Rasa Jala Nidhi, vol 4: Iatrochemistry

by Bhudeb Mookerjee | 1938 | 52,258 words | ISBN-10: 8170305829 | ISBN-13: 9788170305828

This fourth volume of the Rasa-jala-nidhi deals with Rasa-chikitsa-vidya, also known a the science of Iatrchemistry (chemical medicine), a major branch of Ayurveda. It contains Ayurvedic treatments for Fever and Diarrhea. The Rasa-jala-nidhi (“the ocean of Iatrochemistry, or, chemical medicine) is a compendium of Sanskrit verses dealing with ancie...

Part 75 - Medicines called “parpati”

General directions to be followed at the time of taking a class of medicines called “parpati”.

The medicine is to be taken only once a day, a little after sunrise. The dose on the first day is two raktis only. This is to be increased by one rakti a day, till it reaches the minimum of ten raktis on the 9th day. It should not be increased any more. This minimum dose of ten raktis a day is to be continued so long as the disease is not cured. Then; after the cure is effected, the dose of the medicine is to be reduced by one rakti a day, till it reaches one rakti; after which the medicine is to be stopped altogether. Diet, absolutely pure cow’s milk (unmixed with water), only just boiled and not condensed, is to be cooled and then drunk, whenever the patient gets hungry or thirsty. The quantity of milk drunk, each time, should be just as much as required to pacify hunger and thirst, and not in excess of that. Neither should it be less.

The following may also be taken along with milk; boiled rice prepared from shali or sastika paddy, a little of sugar or sugar-candy, home-made bread prepared from flour (not fermented), paddy fried and devoid of husk (meant to be taken as fresh as possible), powder of the same, and paste prepared from the same. Of fruits, only a little of ripe papita and atripya may be taken, if there be constipation. In case of diarrhoea, no fruit should be allowed. No other articles of food-stuff should be allowed to be taken by the patient. Salt and water (for drinking) should be prohibited altogether. The patient should not drink or eat anything, so long as he does nut feel thirst or hunger; neither should he delay eating or drinking, when he gets hungry or thirsty. In other words, he is to drink milk as soon as he feels thirsty, and he is to drink milk, with or without some food, as soon as he feels hungry. The following are to be strictly avoided:—bath, rubbing the body with oil or any thing else, sleeping in day time, physical exercise, too much talking, keeping late hours at night, exposure to the sun and fire, pungents, sours, bitters, salt, hot food, and much cold food.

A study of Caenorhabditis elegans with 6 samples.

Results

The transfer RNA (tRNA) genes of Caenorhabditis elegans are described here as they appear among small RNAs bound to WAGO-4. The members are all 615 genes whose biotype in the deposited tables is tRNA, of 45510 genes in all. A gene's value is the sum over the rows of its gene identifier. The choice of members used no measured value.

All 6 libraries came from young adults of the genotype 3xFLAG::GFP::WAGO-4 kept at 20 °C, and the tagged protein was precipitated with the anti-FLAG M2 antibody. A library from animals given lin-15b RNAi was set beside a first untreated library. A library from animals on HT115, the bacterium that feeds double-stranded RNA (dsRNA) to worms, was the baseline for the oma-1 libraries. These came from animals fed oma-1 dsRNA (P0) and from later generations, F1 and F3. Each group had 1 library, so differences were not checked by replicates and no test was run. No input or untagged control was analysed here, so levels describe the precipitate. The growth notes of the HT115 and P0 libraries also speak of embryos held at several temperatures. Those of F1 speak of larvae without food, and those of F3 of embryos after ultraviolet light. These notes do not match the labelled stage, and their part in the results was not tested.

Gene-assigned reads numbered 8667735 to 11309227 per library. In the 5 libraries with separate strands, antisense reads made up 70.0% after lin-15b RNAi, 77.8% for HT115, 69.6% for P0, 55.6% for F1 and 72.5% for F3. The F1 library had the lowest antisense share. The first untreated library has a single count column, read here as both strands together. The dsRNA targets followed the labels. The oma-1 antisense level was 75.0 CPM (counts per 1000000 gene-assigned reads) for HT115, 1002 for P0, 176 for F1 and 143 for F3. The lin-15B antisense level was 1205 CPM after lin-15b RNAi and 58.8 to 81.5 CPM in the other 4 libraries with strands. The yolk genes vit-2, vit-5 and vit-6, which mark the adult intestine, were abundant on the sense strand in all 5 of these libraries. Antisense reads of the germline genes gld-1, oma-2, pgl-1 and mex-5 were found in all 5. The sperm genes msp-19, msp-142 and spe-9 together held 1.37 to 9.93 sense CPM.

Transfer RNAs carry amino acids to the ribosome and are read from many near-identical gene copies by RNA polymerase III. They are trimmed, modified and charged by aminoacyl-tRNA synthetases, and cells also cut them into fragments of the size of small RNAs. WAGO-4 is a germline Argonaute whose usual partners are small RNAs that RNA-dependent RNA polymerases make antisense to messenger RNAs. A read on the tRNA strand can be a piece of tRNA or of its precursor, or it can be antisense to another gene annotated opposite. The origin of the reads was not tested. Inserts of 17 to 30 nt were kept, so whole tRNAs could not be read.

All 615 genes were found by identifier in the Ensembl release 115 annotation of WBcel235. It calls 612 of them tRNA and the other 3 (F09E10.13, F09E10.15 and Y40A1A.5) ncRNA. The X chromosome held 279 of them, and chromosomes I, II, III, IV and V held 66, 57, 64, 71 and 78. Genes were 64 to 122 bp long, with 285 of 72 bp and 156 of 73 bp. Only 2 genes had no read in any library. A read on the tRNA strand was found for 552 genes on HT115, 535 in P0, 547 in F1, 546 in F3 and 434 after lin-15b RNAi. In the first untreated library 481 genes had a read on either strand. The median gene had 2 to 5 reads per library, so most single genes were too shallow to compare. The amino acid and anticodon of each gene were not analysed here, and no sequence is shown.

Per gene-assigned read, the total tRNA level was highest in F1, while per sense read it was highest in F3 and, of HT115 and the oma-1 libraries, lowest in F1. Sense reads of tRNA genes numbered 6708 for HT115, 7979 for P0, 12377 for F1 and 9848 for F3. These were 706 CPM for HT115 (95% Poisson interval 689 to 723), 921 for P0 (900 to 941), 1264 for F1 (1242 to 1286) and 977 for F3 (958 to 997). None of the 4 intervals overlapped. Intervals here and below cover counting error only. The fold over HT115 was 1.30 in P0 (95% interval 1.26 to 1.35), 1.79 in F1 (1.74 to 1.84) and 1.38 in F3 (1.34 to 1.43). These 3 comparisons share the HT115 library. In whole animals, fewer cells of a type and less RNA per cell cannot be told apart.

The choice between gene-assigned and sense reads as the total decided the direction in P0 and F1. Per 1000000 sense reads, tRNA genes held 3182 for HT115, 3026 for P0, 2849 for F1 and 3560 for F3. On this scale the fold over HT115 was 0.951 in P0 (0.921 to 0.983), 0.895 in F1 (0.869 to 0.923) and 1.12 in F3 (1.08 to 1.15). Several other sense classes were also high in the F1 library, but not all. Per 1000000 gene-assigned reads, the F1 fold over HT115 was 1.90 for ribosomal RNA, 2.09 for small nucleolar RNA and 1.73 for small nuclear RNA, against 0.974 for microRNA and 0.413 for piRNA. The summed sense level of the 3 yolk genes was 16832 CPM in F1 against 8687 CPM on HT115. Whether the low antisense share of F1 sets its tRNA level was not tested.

Prohibitions to be observed at the time of taking incinerated mercury (see vol 1, pages 199 to 205) should also be observed at the time of taking any of the parpatis. There must be no delay in taking food at the time of hunger and thirst, even at mid night and the fag-end of the night. In the event of the derangement of vayu, caused by failure of taking food at the proper time, giving rise to an unpleasant sensation or pain in the brain, vomiting, purgation, intense thirst, and excess of pitta, it is desirable to drink cocoanut water, as much as required. This is however not to be drunk in excess, especially in winter (and in cold countries). Sexual intercourse and even touching and interviewing of wife and other tempting women should be avoided altogether. Milk is to be drunk, without hesitation, as much as is necessary to quench thirst or to satisfy hunger. In case of nocturnal emission of semen, while asleep, milk is to be drunk immediately, and steps should be taken to stop its recurrence. (The following are a few of the “parpatis”.

Conclusion:

Rasasastra category This concludes ‘Medicines called “parpati”’ included in Bhudeb Mookerjee’s Rasa Jala Nidhi, vol 4: Iatrochemistry. The text includes treatments, recipes and remedies and is categorised as Rasa Shastra: an important branch of Ayurveda that specialises in medicinal/ herbal chemistry, alchemy and mineralogy, for the purpose of prolonging and preserving life.